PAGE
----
The 2016 Summer Olympics in Rio were a logistical and public relations nightmare with facilities under construction until the very last second, workers not being paid, rampant pollution (especially in waterways) that stoked fears about contracting the Zika virus, insufficient mass transit and poor attendance. A dead body even washed up on the beach near the volleyball venue, which probably says as much about the 2016 Games as much as any accomplishments by Usain Bolt or Michael Phelps, or phony robbery scandal involving Ryan Lochte.
So perhaps it shouldn’t be a surprise that the Rio Olympics were corrupt as well?
On Thursday, Carlos Nuzman, the head of the Brazilian Olympic Committee and Rio Games was arrested by Brazilian authorities for allegedly conspiring to bribe members of the International Olympic Committee to buy their votes for Rio getting the 2016 Games. Leonardo Gryner, the general director of the Rio Olympics and former head of the country’s national Olympic committee was also arrested.
According to Reuters, Brazilian investigators claim that Nuzman, 75, helped organize a $2 million bribe to IOC officials to ensure they would vote for Rio to host the 2016 Summer Olympics. The investigation into Nuzman and Gryner is part of Operation Unfair Play, which Brazilian police organized to look into alleged corruption schemes involving the Rio Olympics.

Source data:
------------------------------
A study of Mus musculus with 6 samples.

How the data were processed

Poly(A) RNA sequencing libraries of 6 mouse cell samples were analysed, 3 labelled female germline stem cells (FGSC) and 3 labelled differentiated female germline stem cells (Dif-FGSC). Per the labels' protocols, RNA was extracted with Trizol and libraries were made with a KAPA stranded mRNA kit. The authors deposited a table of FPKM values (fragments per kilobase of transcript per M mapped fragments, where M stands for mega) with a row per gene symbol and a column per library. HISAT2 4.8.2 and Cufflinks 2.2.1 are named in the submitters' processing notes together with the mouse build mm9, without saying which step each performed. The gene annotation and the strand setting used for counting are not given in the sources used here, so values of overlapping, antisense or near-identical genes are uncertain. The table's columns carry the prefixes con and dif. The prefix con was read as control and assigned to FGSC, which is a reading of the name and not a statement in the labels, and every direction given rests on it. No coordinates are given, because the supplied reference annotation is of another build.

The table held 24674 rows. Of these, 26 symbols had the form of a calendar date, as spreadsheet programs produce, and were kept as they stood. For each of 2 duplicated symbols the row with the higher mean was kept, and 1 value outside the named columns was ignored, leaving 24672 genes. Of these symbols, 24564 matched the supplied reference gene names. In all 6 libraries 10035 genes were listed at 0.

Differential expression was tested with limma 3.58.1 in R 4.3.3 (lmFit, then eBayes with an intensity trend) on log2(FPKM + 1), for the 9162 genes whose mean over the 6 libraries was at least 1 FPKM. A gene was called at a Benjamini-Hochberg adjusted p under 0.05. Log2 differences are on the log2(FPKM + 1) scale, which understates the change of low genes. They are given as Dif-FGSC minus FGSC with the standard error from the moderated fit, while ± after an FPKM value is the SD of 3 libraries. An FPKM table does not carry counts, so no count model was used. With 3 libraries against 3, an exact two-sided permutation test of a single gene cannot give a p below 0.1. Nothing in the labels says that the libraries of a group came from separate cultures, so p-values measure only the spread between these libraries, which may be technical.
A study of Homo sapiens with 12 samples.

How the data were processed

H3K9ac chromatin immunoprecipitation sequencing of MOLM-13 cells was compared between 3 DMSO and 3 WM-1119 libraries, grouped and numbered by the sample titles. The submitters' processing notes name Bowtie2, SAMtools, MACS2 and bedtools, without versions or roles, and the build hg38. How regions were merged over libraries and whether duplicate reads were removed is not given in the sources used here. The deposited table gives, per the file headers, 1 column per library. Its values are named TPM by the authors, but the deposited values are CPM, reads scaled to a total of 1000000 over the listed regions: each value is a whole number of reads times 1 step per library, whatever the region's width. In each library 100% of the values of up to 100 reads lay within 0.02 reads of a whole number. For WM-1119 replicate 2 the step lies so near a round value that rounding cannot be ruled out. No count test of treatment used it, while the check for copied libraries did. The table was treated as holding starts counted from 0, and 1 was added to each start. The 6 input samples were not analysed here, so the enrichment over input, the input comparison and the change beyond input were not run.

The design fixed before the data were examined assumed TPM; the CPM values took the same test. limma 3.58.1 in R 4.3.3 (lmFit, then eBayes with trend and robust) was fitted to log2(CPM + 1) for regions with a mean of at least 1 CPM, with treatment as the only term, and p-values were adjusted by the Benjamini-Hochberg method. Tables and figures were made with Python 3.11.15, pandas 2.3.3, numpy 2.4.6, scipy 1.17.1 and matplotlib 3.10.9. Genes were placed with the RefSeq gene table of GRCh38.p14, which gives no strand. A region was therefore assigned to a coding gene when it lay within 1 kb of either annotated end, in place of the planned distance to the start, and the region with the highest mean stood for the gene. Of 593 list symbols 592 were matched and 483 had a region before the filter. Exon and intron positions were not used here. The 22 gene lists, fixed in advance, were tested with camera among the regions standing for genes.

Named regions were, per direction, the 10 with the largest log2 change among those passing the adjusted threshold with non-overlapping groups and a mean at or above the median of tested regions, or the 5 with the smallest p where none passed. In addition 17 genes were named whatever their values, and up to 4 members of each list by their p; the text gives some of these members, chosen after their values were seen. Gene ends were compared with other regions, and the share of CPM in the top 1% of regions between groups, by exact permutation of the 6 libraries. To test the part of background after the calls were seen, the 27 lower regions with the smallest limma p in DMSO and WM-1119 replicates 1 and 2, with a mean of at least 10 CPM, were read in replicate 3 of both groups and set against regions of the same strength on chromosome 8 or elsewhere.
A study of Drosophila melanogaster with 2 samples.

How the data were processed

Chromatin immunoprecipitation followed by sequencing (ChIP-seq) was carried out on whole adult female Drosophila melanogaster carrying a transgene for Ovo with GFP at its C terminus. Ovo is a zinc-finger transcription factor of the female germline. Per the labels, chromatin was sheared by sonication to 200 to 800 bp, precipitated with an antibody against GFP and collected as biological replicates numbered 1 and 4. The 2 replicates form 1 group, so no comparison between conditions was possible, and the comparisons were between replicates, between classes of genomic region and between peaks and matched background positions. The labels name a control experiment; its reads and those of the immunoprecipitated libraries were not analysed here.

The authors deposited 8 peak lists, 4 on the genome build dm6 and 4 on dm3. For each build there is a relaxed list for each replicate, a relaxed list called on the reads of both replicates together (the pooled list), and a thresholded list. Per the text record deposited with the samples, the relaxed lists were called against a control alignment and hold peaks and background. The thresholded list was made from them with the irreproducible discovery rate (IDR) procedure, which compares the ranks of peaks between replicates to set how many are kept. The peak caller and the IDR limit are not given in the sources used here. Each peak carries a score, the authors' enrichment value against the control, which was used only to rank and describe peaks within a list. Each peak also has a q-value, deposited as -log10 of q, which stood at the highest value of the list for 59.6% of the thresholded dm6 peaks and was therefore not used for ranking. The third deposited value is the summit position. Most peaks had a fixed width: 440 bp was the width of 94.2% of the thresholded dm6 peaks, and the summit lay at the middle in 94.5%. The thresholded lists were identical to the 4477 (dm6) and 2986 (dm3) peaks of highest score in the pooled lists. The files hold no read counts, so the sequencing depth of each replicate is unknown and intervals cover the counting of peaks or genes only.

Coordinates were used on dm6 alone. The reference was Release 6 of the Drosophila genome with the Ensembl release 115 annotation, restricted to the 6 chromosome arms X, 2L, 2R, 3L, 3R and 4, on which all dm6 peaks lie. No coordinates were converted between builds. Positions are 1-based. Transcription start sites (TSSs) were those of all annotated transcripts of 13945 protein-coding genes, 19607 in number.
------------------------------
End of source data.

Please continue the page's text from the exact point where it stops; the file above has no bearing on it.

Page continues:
Estadão reports that federal authorities are indicting the two officials for corruption, money laundering and criminal organization. Nuzman has surrendered his Brazilian and Russian passports and is unable to leave the country.
Brazilian newspaper O’Globo talked to investigators who revealed that $155,000 (U.S.) was found at Nuzman’s residence in five different currencies and 16 one kilogram gold bars were recently deposited in Switzerland. Overall, Nuzman’s estate has increased in value by 457 percent over the past 10 years with the most notable spikes occurring over the past three years. This past year, according to Nuzman’s tax returns, his estate increased by $1.4 million, nearly all of which was traced to a company based in the Virgin Islands.
Authorities suspect Nuzman as being the primary link between prominent Brazilian businessman Arthur Cesar de Menezes and Lamine Diack, Senegal’s former International Association of Athletics Federations. Diack was a voting member of the IOC when Rio was awarded the Summer Olympics in 2009. Prosecutors believe de Menezes gave $1.5 million to a company set up by Diack’s son in order to buy votes of African IOC members.